When I started earning money, I forced myself to believe that I made far less than what I was really earning. I socked away as much as I could and lived off a small amount of money. The goal was to build a comfortable safety net for “just-in-case” situations.
Add a handful of years, life experiences, and a husband…and I still possess these same frugal traits – carefully calculating the next potential emergency and unforeseen circumstance. I admit, though, that while I inherently will forever be money-conscious, Brian has certainly helped me find a better balance in enjoying life.
Two Different Worlds
He came from a family of spenders. I came from a family of savers. Our financial upbringings were SO different, in fact, that I had purchased a home and held investments at 22 while he had just discovered the amount of debt held in his name. We were on two different ends of the spectrum. It took years of communication, learning, and discipline for us to meet somewhere in the middle.
We started our relationship with major differences, especially when it came to money. I insisted on going Dutch and would tend to stick to small bites and happy hour specials I could afford. Work was everything to me – I was trying to make as much money as I could.
Prideful and stubborn, I was focused on making sure I could take care of myself before I would let someone else try to take care of me. I refused to turn on my heat and air conditioning. Some of my furniture came from dumpster diving. I was extra savvy when it came to securing hand-me-downs of hand-me-downs.
Brian, on the other hand, spent money as he was earning it. He enjoyed his money in the ‘now’. While he admittedly went overboard, he eventually learned how to save, just as I eventually learned how to spend.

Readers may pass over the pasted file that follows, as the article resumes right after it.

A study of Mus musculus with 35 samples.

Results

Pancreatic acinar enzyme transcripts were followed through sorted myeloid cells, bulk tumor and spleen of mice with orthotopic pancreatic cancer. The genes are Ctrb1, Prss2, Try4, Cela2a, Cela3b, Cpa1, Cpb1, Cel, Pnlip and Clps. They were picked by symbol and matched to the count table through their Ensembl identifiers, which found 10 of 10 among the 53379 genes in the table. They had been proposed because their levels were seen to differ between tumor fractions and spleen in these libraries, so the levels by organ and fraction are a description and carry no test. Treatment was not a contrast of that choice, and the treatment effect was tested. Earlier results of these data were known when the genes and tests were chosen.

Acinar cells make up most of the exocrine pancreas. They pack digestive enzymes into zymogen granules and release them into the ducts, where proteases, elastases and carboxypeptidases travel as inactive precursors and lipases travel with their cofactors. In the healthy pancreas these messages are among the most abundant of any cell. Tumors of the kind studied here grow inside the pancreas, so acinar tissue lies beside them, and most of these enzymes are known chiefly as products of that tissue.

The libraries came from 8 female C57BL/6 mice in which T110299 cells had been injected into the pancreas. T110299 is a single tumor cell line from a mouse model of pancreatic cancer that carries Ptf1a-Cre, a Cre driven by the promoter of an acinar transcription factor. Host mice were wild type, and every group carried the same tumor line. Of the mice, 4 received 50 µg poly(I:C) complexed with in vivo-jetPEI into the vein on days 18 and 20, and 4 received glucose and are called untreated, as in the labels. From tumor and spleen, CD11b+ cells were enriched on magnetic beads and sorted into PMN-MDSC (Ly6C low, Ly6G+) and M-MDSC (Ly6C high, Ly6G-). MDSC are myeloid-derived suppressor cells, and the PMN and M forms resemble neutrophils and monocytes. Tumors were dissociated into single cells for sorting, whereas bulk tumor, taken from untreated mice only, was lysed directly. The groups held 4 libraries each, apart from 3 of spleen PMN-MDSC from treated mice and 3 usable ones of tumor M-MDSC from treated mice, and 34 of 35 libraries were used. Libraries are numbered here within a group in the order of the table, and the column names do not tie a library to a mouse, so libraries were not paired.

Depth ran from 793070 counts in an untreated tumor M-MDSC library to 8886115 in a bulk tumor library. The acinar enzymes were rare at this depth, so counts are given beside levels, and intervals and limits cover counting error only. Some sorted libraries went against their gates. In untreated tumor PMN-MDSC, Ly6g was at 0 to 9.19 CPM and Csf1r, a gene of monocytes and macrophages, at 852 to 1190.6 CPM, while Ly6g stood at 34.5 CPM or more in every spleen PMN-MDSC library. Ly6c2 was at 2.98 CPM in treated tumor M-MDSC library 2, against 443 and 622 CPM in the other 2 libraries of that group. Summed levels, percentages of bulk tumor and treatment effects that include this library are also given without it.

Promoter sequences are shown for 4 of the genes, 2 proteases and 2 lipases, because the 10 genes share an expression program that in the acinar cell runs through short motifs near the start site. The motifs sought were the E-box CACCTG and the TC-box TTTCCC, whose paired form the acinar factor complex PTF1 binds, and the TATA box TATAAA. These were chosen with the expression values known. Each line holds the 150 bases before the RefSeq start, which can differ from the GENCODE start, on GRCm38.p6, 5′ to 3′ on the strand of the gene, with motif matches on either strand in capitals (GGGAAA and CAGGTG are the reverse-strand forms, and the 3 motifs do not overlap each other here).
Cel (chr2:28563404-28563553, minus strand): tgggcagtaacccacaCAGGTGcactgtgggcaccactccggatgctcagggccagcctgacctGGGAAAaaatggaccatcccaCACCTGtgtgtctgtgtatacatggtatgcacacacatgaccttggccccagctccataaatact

Building a Partnership
Whatever we faced, we faced as a team. With life’s ups and downs, we worked through family dynamics, professional obstacles, finances, and goals. Communication is always the key.
Together, we began to create personal and financial goals. We cheered each other on and pushed each other when we needed it. Brian and I learned how to curb our financial habits.
It was important to both of us to be debt-free before we got married. We made more and saved more money. He tackled his student loans and we were able to pay off the house.
Oh, boy…did we ever compromise! I preferred a courthouse wedding, while Brian wanted us to have an actual wedding celebration. We eventually agreed to have a wedding of about 100 guests, which we were adamant we would pay for.
At this point, we were nearly 30 years old and both felt that it was not right for our parents to help us with wedding costs. To cover our wedding and honeymoon costs, we determined that a 2-year engagement would be best. Lo and behold, Brian and I were able to pay out-of-pocket for all bills that came in WHILE we saved money each month.
We got married with no outstanding bills AND were able to build a great little nest egg to start off our marriage!
Money and Marriage
If Brian and I were not able to see eye-to-eye on finances, then we wouldn’t be where we are today. Financial habits might not be a deal-breaker for some, but they are extremely important to us. There is a reason why many marriages fail because of money.
No longer do I feel like I am the only one looking out for myself. I have a partner now, someone who shares the same kind of financial beliefs and goals that I do! Not only do we view money similarly, but Brian also brings new ideas and material to the table.
We successfully achieved our debt-free lifestyle together and are excited about what new adventures are to come.
What Has Changed
- The heat gets turned on when we are cold
- Our bathrooms are stocked with fluffier toilet paper
- We routinely save 50% of our paychecks
- Higher quality purchases for longer use
- More frequent and diversified travels
- Allocate more money for investments
- Complete more house projects
- We treat ourselves more
- We treat friends and family more
Being married to someone who accepts my quirks, frugality, and stubbornness has impacted me greatly. I’m thankful that we listen to and challenge each other, especially in terms of money. Our compromises and experiences have taught me to live life a little more fully.
I don’t need to freeze in 50 degrees. Could I return to it if we need to?? Absolutely! But, alas…there is heat available in our house. We tend to keep our electricity bill around $80 per month. It’s OKAY to use the heat every once in a while.
Thank you, husband, for enjoying this life with me.
I want to be like you when I grow up. Love you.